Beginning French Lesson Plan 2: Greetings, Geography, & Alphabet

Last month I began teaching a beginning French class to a small group of upper elementary students. If you'd like to follow along on their language journey (or borrow lesson ideas!), here's the basic outline of what we did during our second and third classes. Keep in mind that this is only a once-per-week, 50 minute class, so we spend about twenty minutes or so reviewing and practicing what we've previously learned. (You can find lesson 1 here.)

Seine et la Tour Eiffel au coucher du soleil by Henri Rousseau

Lesson 2 Goals:

  • Review greetings; introduce inquiries about others
  • Review Francophone countries and their locations
  • Learn and draw the geographic location and major map elements of France
  • Recall and reinforce French alphabet sounds

Part 1: Greetings and Inquiries

Bonjour! Je m'appelle Madame/Monsieur _______. Et toi? Comment t'appelles-tu?  (I remember names but want to give students the practice of using je m'appelle again!). Greet students individually.

Comment allez-vous? Bien? MalDraw a smiley face to illustrate bien and a frowny face to illustrate mal. (I teach using a portable mini whiteboard so I'm more closely engaged with my students.) I add pas très bien next to mal. Ask students in French, individually, how they're doing, then ask the class how others are doing. Est-ce que Jason va bien? Oui, Jason va bien! Bon! Est-ce que Nadine va bien? etc.

Est-ce que vous parlez français? (Pause.) Un peu. Vous parlez un peu français. Pas bien? Pas très bien? BientôtSoon!

Part 2: World Map Review and Drawing a Map of France

(Show the world map from the first class.) Voici la carte du monde. Est-ce qu'on parle français aux Etats-Unis? Non, on parle anglais. Nous sommes américains. Je suis américaine. est-ce qu'on parle français? Oui, en France. En Cameroun. Un peu en Vietnam. Etc. Dans le monde, il y a beaucoup de français.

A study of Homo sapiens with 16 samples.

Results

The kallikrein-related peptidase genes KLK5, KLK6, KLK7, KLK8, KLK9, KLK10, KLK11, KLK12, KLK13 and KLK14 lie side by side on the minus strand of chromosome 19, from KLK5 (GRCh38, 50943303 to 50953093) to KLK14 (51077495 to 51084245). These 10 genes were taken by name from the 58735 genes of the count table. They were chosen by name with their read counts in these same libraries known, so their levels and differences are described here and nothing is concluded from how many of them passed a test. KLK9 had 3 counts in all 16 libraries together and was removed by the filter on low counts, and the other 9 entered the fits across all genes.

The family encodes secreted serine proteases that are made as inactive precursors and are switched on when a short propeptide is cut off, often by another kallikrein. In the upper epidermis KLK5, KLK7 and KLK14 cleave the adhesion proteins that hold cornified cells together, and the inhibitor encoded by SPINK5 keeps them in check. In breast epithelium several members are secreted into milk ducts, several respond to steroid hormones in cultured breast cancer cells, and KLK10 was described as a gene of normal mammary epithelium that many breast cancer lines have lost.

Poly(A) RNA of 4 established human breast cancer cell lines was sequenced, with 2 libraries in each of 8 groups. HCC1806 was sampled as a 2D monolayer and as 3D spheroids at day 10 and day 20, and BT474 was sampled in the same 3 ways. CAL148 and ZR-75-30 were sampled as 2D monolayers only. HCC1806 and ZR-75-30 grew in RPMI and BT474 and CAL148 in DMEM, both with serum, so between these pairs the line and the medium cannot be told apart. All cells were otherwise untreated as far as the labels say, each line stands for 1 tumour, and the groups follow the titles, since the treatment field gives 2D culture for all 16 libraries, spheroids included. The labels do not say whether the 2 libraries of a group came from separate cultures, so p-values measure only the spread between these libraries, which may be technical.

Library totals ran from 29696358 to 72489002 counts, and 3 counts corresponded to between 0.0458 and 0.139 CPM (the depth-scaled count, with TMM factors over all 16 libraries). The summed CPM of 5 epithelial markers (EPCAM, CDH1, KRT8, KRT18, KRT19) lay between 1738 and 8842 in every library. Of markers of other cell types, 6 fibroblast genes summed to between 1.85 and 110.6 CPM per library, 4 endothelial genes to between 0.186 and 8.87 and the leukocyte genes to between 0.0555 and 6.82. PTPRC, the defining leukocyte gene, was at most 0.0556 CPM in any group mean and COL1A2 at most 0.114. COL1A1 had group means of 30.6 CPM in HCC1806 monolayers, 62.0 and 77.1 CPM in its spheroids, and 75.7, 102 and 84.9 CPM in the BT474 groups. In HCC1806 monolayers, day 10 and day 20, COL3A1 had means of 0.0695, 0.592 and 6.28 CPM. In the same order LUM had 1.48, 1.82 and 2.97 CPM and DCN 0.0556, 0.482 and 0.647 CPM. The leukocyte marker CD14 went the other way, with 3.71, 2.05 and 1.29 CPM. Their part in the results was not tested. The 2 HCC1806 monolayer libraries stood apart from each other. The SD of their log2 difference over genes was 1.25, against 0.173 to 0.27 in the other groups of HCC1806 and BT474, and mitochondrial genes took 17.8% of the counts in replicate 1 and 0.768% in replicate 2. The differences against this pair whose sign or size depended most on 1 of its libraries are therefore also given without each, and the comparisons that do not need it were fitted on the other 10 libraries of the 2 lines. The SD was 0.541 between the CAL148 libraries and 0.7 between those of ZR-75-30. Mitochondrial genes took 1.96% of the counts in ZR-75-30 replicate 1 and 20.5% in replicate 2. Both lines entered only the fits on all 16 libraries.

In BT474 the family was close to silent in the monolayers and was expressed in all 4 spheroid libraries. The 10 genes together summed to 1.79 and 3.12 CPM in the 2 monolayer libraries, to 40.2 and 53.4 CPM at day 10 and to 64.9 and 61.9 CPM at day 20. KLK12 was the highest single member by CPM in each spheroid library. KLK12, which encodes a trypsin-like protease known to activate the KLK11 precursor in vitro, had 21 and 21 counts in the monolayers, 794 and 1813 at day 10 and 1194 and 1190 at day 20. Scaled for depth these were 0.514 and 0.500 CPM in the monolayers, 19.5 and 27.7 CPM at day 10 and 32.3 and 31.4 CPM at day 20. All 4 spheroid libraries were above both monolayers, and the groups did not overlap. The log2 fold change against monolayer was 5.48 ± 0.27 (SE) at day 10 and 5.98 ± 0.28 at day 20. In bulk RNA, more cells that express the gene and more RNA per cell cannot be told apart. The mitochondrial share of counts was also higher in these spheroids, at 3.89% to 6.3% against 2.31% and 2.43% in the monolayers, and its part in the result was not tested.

Give students a sheet of blank paper. Point to your own blank paper. Voici du papier blanc. C'est pour la carte de France.

Hexagonal map of France via

Hexagonal map of France via

At this point I switch to English to ask students what they know about France and to share that France is a top worldwide tourist destination. I ask students what shape the French consider their country to be, then we sketch a hexagon on our papers. What city is the capital of France? Où est Paris? I explain that Paris is on the river Seine and have students pick out other major French cities using those on the world map or on a map of France. (I use a map from National Geographic). We add Lyon, Marseille, Toulouse, Nice, and any other cities they mention. I talk about the stories connected to places (and their names), such as denim's history as being from Nîmes (de Nîmes), Dijon's famous mustard, and Bretagne's relationship to Britain.

We also add border countries, major mountain ranges, bodies of water (including la Manche), significant islands like la Corse, and talk about DOM/TOM overseas territories. For a refresher on these, see

Part 3: French Alphabet Review

I take out a French alphabet poster and we sing the alphabet in review. (Mine is from Toupie magazine, but you can find one at I also replay the alphabet song. Students take turns spelling their names aloud.

Printable French alphabet poster from

Printable French alphabet poster from

Alphabet sound recognition game: Using their mini-whiteboards, students write the letters of nouns as I spell them. I spell French prénoms such as Marie and Jean-Marc as well as basic nouns such as "dinosaure." Then I let individual students spell a word aloud (English or French, as long as they use French letter sounds) for us to write.

If you have a bit more class time, you can jump into numbers and counting; otherwise, au revoir!